It all depends on how toxic your w*rk environment is and how the situational stress is affecting your health and sanity.
Ask your doc for an opinion next time you go for a physical.
I didn't ask mine for his opinion. I just told him I retired. He was a bit surprised. I couldn't tell if he was envious. He shouldn't be, because he was young (probably not more than 40), and has not paid his dues.

I have really liked this arrangement. I have two young children (under 10) and my husband works full time (until very recently when I convinced him to pursue a similar arrangement). The reduction in my stress level is significant and my enjoyment of life is greatly enhanced.

If I hadn't been very close to FI, I would most likely not have pursued this arrangement. I have 200 days left to work until I qualify for retiree medical, but may decide to work longer since I have better work/life balance, the pay and pension benefits are quite good and the kids are tied to a school schedule much of the year.

It has worked for me and seems to be working for my husband.

200 days to go (but can't figure out how to change my name!)
That says it all! Good for you.
Congratulations!

They used to let us work 3 days a week but I don't know if that's still the case. For me - I'd retire today (totally) to get away from the stress. Working longer would be for the health insurance only. I'll be 62 in June and just hanging on... wondering what will happen after COBRA runs out.

I think for me a gradual easing into retirement is not necessary. I'm up for a full-blown watch-me-as-I-sprint-for-the-door type of exit I haven't discussed it with my manager because I don't really know for sure if I will retire at 62. Discussing it with someone who is 34 will be entertaining, to say the least. And I'd be leaving in the middle of some big projects. Tempting (I am into vengeance today!)

I do work from home one day a week (today) and I can work from home if the driving is dangerous (like ice in the winter) or I feel sick and don't want to share it. I really have a good deal in that regard. But I'm sick of working!!!
A 34-year-old probably thinks that a 62-year-old is ancient and should have retired years ago ... I doubt you'll be asked to reconsider.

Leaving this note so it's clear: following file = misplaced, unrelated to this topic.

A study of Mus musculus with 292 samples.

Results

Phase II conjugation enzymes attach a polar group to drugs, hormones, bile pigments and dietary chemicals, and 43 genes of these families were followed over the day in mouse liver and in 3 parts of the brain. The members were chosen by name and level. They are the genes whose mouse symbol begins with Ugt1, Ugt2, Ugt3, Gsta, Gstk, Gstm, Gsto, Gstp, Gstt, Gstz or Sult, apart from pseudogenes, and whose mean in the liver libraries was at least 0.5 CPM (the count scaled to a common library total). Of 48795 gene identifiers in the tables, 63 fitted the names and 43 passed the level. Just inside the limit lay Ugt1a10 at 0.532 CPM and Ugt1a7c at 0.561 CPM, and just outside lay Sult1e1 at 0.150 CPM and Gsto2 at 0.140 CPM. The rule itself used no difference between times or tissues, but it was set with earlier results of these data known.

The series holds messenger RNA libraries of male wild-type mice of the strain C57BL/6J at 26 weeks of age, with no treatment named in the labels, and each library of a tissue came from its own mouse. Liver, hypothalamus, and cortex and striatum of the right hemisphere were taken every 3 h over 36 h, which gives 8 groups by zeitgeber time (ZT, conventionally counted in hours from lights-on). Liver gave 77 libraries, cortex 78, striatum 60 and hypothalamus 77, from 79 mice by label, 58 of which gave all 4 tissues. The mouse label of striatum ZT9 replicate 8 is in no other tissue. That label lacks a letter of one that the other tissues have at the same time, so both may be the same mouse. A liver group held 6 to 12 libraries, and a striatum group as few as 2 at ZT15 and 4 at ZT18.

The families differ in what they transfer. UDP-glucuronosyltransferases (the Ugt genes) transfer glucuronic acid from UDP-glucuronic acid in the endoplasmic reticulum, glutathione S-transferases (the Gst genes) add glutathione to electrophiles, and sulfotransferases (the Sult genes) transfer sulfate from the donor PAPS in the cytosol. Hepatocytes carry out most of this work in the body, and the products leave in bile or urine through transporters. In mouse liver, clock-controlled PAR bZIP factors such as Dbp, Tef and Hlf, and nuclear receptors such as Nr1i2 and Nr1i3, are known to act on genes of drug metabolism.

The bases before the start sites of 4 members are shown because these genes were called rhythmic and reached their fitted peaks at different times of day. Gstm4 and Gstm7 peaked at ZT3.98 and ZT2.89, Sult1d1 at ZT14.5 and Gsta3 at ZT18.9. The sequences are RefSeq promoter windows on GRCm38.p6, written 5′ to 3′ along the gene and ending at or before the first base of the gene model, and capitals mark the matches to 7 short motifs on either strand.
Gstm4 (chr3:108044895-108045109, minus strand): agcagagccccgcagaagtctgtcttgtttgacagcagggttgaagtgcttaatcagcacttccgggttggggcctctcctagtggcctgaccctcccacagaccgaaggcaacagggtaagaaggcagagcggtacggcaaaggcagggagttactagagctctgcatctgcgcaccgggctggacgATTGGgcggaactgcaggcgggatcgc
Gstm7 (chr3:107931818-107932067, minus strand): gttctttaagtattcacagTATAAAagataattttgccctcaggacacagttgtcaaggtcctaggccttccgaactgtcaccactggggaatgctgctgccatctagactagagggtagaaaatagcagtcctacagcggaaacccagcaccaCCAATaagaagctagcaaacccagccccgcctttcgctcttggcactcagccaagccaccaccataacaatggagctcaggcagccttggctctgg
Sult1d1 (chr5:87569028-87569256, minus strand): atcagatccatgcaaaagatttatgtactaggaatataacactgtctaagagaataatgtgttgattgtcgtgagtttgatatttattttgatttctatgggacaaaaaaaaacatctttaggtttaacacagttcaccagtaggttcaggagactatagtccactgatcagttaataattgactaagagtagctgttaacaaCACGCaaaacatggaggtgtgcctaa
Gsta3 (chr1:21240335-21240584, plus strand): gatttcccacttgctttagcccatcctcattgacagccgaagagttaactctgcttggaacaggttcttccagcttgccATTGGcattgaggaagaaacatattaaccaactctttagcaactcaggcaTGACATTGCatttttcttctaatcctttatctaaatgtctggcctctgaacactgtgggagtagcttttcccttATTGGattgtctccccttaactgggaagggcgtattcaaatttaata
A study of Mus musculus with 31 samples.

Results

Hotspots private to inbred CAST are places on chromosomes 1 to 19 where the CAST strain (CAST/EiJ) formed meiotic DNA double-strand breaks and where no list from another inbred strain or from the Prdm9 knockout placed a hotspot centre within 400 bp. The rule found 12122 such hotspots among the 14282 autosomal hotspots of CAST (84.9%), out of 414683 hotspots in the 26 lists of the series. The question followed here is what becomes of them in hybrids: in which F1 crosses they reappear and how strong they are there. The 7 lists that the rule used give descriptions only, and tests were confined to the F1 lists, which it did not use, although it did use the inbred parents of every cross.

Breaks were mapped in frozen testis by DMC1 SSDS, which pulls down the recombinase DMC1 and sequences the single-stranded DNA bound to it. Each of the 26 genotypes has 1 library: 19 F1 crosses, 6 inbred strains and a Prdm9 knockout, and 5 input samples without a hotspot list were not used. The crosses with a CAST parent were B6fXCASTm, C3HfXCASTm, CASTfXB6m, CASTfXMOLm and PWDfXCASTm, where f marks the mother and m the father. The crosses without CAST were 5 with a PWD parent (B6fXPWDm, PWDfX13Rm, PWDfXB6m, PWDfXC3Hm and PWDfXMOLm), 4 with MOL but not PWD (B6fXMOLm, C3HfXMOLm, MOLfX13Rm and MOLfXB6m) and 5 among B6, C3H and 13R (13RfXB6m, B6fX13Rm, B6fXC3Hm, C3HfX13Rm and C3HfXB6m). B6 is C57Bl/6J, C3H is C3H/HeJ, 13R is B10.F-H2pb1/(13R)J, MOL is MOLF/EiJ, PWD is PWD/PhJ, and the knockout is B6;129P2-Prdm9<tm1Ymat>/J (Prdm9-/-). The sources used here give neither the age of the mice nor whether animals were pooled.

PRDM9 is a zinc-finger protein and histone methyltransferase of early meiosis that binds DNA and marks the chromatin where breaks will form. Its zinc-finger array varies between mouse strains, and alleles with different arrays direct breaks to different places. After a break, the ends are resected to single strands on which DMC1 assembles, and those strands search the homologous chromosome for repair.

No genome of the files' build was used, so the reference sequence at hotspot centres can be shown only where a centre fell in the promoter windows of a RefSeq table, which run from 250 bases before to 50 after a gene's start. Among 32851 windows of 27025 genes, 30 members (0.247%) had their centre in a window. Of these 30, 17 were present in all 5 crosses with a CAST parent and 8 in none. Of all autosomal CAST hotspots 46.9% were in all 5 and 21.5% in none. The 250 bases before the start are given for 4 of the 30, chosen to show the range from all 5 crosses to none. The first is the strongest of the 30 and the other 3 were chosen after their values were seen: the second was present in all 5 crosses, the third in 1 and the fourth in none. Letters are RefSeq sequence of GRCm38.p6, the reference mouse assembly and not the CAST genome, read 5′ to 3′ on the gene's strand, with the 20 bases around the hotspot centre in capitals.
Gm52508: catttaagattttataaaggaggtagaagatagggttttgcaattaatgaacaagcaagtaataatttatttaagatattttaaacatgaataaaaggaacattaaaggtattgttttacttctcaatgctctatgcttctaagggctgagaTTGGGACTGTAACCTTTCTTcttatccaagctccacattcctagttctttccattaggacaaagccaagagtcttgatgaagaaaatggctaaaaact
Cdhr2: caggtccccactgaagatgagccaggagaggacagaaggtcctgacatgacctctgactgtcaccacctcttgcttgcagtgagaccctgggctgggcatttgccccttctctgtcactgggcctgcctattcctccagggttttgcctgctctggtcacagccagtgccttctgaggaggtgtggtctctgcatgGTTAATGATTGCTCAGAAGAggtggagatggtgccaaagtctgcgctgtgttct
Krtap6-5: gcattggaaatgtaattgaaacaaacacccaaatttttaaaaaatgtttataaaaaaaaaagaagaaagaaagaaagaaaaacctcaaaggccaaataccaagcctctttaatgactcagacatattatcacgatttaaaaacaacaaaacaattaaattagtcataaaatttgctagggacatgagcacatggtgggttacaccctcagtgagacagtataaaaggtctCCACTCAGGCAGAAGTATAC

No longer your problem!

No longer your problem!
Yes - I just have to be SURE that I'm leaving before I do it. The 34 year old isn't sure I'm ready for promotion. LOL!

I reduced my hours to part-time before I fully retired last year at the age of 45.

In 2001, after my company moved from Manhattan to Jersey City, New Jersey, I was able to negotiate a part-time arrangement which included mostly telecommuting as part of my 20 hours per week. I had been working 37.5 hours per week. I lost some of my benefits but kept my health insurance and limited vacation time. I also kept my all-important and rapidly growing company stock in my retirement plan.

In 2003, my company pulled the telecommuting arrangement companywide but allowed me to retain the part-time hours. I just had to haul my butt to the office 3 days a week to fulfill my hours. I hated the commute a lot.

In 2007, worn out from the commute, I switched to a 12-hour week consisting of two 6-hour days. While I was hopeful this would help, I always knew it might not. I lost my health insurance and went on COBRA. I lost my vacation time and the right to get any additional shares of my still-growing company stock but retained those I still had and watched them grow within my retirement plan.

In 2008, I had finally had enough of the commute. My two-days-a-week workweek had become a hindrance to my other activities. Also, the value of my company stock hit the $300k mark, an amount (before taxes) I figured out was enough to be able to take with me if I were to leave the company and invest elsewhere as part of my retirement plan. I had also found an affordable health insurance plan, as my COBRA was about to expire. The taxes on the $300k company stock were rather mild, only about 25% federal+state combined, less than I had originally anticipated.

I have just begun my second year of retirement and all is going just fine. In fact, the economic downturn late last year was a terrific break for me in boosting my dividend income in retirement.